We’ve all had it happen, you’ve been thinking of a question to ask, but when the doctor comes in, you start answering all the doctors’ questions and discussing the new ones that come up. You completely forget to ask your question and sometimes forget you even had one!
Many families I have worked with have found it helpful to carry some paper or an electronic device they can save their questions and the answers on, such as an iPad, laptop, or cell phone. It seems simple enough to remember a question or answer, but when our bodies and minds are under stress, it’s helpful to have a reminder.
It’s also important to remember kids and teens have questions too. Write down their questions and encourage them to talk with the medical team, as well. It’s a great way to help them feel a part of process and for everyone to know what to expect.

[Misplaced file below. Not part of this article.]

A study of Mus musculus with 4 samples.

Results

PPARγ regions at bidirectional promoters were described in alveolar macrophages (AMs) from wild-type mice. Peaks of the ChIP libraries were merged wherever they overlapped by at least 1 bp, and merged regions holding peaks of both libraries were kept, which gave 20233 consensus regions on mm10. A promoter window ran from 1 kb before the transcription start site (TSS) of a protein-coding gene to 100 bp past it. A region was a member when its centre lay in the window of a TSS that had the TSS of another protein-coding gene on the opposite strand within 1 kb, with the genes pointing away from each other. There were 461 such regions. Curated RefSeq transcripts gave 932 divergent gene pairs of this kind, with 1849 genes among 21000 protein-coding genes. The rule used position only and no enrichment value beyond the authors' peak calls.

If your child or teen asks you about something you don’t have an answer to, that’s okay. You don’t need to have all the answers. Keep in mind, one of the best things you can do, is just answer what you know and let your child know you will talk with the doctor together to make sure you both get all your questions answered.
In future posts, I’ll provide some tips on how to help kids and teens understand their medical experiences by providing ways to phrase medical information that is child friendly and appropriate for their age and development. This will help you feel more comfortable answering their questions and sharing information.
What kinds of questions has your child or teen asked you about their medical care?